CES 08

       

Proclaim Audio Works versatile DMT 100 loudspeakers ($26k) and Cary Audio put on a pretty unique demo. The fully adjustable and circular built DMT 100 comes standard with a clever out-board crossover (photo left) that allows for individual volume adjustment for each loudspeaker. One may wonder why would a loudspeaker manufacturer offer variable time/coherency and individual volume adjustment for a loudspeaker? Consider this case-scenario; how many times have you personally witnessed a pair of loudspeakers placed in a room where either the sidewalls were uneven, sloped or in some cases non-existent? This would be the perfect scenario for a pair of Proclaim DMT 100s says its designers. Wire and AC cords were by way of TARA Labs.

 

                                         

        


The system that pressed my sonic buttons the most was the "Force" dipole loudspeaker from Swedish manufacturer Perfect 8 ($275k) and the Japanese made Bridge Audio Labs linestage ($55k) and stereo amplifier ($70k). Standing nearly 6'6" tall and sporting eight 7" SEAS mid/bass drivers and a 64" tall dipole ribbon tweeter attached an enclosure comprised of three sheets of specially treated glass using a polymer bonding material that produces a " super-silent" transducer says Perfect 8s company chief Jon Rantila (photo left, Jay Bertrand center and Fred Nadel right). The woofers are powered by 2000-watt analogue amplifiers employing dual 12" custom-made drivers in semi-transparent glass enclosures.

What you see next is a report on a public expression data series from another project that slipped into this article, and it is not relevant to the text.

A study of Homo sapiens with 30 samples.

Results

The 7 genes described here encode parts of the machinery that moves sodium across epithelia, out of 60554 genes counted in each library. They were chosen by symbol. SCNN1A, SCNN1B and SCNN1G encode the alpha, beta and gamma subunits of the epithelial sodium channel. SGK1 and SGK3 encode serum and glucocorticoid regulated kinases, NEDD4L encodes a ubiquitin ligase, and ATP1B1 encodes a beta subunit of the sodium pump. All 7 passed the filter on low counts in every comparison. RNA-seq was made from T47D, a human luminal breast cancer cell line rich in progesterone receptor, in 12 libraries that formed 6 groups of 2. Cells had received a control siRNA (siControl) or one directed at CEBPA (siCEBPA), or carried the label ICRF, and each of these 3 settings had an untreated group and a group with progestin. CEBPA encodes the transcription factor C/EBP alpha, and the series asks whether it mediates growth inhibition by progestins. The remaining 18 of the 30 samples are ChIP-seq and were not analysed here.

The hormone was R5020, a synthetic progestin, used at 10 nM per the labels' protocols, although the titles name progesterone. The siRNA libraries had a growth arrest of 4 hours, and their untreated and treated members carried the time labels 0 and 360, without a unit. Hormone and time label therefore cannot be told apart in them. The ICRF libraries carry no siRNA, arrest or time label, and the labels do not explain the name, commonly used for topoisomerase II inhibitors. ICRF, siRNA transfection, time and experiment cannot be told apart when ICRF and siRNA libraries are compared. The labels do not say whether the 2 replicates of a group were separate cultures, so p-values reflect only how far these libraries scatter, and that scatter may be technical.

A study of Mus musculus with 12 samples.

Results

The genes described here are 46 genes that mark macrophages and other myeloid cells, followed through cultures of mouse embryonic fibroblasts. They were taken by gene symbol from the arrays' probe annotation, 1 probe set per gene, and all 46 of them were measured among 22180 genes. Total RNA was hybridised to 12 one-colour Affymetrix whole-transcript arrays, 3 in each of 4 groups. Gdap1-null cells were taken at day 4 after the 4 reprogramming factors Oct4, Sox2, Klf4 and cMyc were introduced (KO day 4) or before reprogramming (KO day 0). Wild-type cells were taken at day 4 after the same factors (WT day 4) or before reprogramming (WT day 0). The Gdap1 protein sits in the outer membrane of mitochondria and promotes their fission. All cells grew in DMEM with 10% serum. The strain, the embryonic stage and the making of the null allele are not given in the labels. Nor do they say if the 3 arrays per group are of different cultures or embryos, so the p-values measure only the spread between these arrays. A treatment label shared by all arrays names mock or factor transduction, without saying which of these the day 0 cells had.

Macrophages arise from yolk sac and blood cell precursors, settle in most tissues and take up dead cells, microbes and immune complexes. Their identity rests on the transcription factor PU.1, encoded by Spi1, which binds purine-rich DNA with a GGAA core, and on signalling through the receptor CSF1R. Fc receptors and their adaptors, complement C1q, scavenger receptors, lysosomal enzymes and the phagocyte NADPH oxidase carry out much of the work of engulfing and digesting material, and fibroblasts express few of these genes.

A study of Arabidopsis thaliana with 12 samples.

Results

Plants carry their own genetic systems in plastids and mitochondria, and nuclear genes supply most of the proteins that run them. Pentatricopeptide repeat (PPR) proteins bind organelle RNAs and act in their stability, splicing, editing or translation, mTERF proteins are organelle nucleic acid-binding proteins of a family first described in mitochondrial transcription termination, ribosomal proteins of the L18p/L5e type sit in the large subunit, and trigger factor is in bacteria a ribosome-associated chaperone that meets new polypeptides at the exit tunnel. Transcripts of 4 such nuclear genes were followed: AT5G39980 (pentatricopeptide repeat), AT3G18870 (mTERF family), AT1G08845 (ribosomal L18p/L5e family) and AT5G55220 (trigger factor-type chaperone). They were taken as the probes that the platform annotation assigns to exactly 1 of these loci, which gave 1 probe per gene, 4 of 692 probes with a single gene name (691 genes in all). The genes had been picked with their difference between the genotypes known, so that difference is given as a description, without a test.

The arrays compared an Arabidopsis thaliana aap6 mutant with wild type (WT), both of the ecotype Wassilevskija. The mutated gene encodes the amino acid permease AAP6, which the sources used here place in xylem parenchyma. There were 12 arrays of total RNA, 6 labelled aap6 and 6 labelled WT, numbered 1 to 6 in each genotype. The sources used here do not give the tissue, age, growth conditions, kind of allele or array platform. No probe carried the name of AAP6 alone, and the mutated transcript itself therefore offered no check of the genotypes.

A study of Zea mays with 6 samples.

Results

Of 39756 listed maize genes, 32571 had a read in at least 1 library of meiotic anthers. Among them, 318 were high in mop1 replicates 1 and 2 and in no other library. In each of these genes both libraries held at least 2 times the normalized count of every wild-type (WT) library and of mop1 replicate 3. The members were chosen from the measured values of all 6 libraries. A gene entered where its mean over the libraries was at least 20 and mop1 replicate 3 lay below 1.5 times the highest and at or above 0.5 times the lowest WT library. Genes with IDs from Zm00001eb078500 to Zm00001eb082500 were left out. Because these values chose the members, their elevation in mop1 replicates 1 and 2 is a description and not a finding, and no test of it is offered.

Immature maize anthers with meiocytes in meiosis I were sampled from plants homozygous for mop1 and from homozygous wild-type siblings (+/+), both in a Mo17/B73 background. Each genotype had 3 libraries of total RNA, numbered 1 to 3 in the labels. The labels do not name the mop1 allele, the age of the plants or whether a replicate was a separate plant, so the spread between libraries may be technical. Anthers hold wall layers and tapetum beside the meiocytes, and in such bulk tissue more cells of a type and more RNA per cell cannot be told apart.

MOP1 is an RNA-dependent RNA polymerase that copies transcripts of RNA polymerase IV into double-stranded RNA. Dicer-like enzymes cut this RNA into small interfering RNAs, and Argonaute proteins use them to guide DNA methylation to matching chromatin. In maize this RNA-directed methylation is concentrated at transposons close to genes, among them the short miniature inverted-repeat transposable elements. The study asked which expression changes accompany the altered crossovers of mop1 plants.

Bridge Audio Labs' electronics are hardly affordable but its physical look and sonic performance proved, in conjunction with the "Force" loudspeakers, revelatory to these ears. Very seldom have I been so taken by a product particularly under show conditions. Yet, this system, using a relatively affordable Accustic Arts standard CD player had me totally transfixed on its performance. Every single song I threw at this rig from my personal CD collection sounded harmonically as well as spatially remarkable. I'm not going to say the sound could mimic what I hear now from horns on a dynamic level, but then again, this isn't a horn and from the perspective of a sheer line source, this was about as good as I've ever heard.

I argued, fussed and fought over the silly price but could not find anything to fault with regard to the "Force" sonic capabilities...of course with those remarkable electronics from Bridge Audio Labs. Stunning.   

      

        

In an attempt not to mince my words, I'll qualify the Sonicweld Pulserod/Subpulse loudspeaker system ($100k) as this: Far and away, the best disappearing act I've heard from a loudspeaker with no exceptions. Keep in mind the system comes with everything minus a source so in terms of price, yes it's expensive but justifiably so. I must have spent two hours in this room attempting to find something, anything wrong or imperfect about these loudspeakers.

Well, they're not going to sound as big as the really big loudspeakers, nor will they go as extremely low in the lowest octaves. But they do come so close to sounding so much like the big boys... I sat there in total awe. As a matter of fact, the only area this system did not match the amazingly musical Perfect 8s was in the low bass fundamentals. Everywhere else, midrange, presence, treble, soundstage - width, depth and dimensionality - believe it or not, the Sonicweld put on a demonstration I've never personally witnessed prior in anything remotely close to its size. My hunch is, when you look at them, they'll physically disarm you because you just can't believe the sound you're going to hear from such miniature drivers.